BY JOSHUA C. KENDALL: For Complete Post, Click Here…
“The Mind and the Moon,” by Daniel Bergner, is a deeply reported critique of the medication revolution in psychiatry.
ABOUT 40 YEARS AGO, Daniel Bergner’s younger brother, Bob, then 21 and a college dropout, had a psychotic break. He became delusional; he was convinced that he might be the messiah and that he could cure their grandfather’s Alzheimer’s disease. Worn down by insomnia, Bob was also neglecting his personal hygiene. Out of desperation, the brothers’ parents arranged to have Bob committed to a locked psychiatric unit, where he was soon pumped up on a heavy dose of Haldol, an antipsychotic medication.
Shortly after Bob was hospitalized, their father handed Daniel a popular book by the late Ronald Fieve — first published in 1975— on mood disorders. According to this prominent psychopharmacologist, psychiatry was undergoing “a third revolution,” which was leading to new and highly effective drug cures for major mental disorders, including schizophrenia, bipolar disorder, and major depression. This book, notes Daniel Bergner in “The Mind and the Moon: My Brother’s Story, The Science of Our Brains, and the Search for Our Psyches,” gave his parents hope that his brother’s condition could be treated. “It was as if they had ingested the book’s sentences and elevated its paragraphs to articles of faith,” he writes. “They were immediate converts.”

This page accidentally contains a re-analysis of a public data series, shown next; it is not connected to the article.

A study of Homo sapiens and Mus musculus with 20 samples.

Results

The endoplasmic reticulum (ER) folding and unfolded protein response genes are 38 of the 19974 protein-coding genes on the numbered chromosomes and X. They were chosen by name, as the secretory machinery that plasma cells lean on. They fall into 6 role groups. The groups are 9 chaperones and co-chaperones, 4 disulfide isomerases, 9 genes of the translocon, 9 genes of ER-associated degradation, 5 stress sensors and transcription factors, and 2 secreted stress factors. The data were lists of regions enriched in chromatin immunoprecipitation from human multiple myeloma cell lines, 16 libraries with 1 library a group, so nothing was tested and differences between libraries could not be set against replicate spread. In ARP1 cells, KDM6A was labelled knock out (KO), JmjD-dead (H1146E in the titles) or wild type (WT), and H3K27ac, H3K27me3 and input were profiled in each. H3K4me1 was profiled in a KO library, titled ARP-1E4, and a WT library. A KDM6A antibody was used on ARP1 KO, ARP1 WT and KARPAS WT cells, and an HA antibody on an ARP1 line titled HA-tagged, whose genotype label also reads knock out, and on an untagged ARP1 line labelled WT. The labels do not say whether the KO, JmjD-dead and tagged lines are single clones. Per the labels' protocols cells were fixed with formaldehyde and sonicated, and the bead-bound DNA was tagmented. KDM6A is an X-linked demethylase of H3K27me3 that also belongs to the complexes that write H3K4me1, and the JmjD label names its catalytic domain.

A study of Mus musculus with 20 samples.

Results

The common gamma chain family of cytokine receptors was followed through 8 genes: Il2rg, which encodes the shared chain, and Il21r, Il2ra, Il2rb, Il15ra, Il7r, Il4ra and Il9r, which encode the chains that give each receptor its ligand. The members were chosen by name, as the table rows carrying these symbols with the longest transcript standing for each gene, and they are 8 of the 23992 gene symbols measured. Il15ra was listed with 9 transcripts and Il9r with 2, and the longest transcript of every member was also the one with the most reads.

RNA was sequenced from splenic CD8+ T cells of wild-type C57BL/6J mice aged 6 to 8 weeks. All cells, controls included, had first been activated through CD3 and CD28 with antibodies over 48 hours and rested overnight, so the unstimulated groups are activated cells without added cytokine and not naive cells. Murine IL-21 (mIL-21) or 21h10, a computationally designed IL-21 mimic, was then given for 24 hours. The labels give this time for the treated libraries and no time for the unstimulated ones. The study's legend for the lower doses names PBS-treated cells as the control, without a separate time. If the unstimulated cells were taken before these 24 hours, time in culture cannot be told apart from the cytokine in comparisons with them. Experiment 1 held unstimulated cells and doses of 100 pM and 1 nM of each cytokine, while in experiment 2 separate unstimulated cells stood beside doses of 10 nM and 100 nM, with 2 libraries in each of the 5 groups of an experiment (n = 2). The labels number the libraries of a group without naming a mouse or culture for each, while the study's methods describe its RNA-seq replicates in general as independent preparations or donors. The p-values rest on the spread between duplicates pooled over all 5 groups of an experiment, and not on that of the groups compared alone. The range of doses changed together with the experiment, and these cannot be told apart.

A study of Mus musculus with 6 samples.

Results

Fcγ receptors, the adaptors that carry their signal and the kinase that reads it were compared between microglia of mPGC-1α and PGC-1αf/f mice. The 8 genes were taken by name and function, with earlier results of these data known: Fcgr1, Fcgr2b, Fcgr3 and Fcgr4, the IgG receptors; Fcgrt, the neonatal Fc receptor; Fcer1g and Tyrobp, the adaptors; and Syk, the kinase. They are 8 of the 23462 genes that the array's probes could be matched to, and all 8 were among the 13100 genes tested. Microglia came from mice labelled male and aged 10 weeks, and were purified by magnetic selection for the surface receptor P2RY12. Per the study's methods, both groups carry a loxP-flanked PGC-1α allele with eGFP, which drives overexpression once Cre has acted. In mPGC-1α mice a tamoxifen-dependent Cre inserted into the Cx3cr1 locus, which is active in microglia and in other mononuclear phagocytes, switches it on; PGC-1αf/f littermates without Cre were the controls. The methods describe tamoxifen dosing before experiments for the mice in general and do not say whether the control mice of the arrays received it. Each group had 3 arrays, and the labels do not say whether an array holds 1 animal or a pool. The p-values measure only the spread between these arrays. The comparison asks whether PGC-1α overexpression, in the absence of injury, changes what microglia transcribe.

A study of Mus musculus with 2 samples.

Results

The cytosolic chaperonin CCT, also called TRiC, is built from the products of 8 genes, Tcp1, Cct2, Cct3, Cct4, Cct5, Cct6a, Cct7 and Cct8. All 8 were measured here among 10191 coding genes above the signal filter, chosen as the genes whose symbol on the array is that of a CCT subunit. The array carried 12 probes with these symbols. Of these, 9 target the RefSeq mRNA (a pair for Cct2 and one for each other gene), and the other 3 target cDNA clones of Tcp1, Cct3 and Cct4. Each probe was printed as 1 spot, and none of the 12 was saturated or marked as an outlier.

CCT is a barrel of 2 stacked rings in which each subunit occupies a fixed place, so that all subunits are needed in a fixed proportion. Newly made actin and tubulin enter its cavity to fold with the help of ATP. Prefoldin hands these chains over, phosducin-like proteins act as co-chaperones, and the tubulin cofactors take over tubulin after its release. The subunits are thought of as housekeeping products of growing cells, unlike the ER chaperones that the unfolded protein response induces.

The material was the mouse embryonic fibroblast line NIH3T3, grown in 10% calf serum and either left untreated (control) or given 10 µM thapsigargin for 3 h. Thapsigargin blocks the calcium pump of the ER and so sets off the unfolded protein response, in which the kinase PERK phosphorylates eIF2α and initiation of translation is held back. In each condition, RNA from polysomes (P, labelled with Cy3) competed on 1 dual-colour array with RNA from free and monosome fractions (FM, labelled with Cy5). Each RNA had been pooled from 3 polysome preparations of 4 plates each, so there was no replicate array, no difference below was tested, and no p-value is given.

As he reports in this deep dive into the history of psychiatric treatments over the last century — which features interviews with leading neuroscientists and psychiatrists, as well as profiles of people like Bob who have waged long battles with psychiatric problems — the biological revolution in psychiatry has not come close to living up to its grandiose promises.
Medication can indeed reduce emotional suffering. Bergner cites research suggesting that about half of people who take selective serotonin reuptake inhibitors, or SSRIs — a category of popular antidepressants that includes the mega-selling Prozac — do experience some symptom relief “if comparison with placebos is disregarded.” But while the number of Americans taking psychiatric drugs has been steadily increasing over the past 20 years (more than 40 million adults and as many as 40 percent of college students, according to recent estimates), drug treatment, he stresses, often does not work at all and sometimes is harmful due to noxious side effects. For example, SSRIs, can cause both sexual dysfunction and withdrawal symptoms, both of which, Bergner notes, their manufacturers have minimized. And antipsychotics can cause weight gain and increase the risk of diabetes; according to internal records of pharmaceutical company Eli Lilly, 16 percent of patients taking its blockbuster drug Zyprexa gained more than 66 pounds.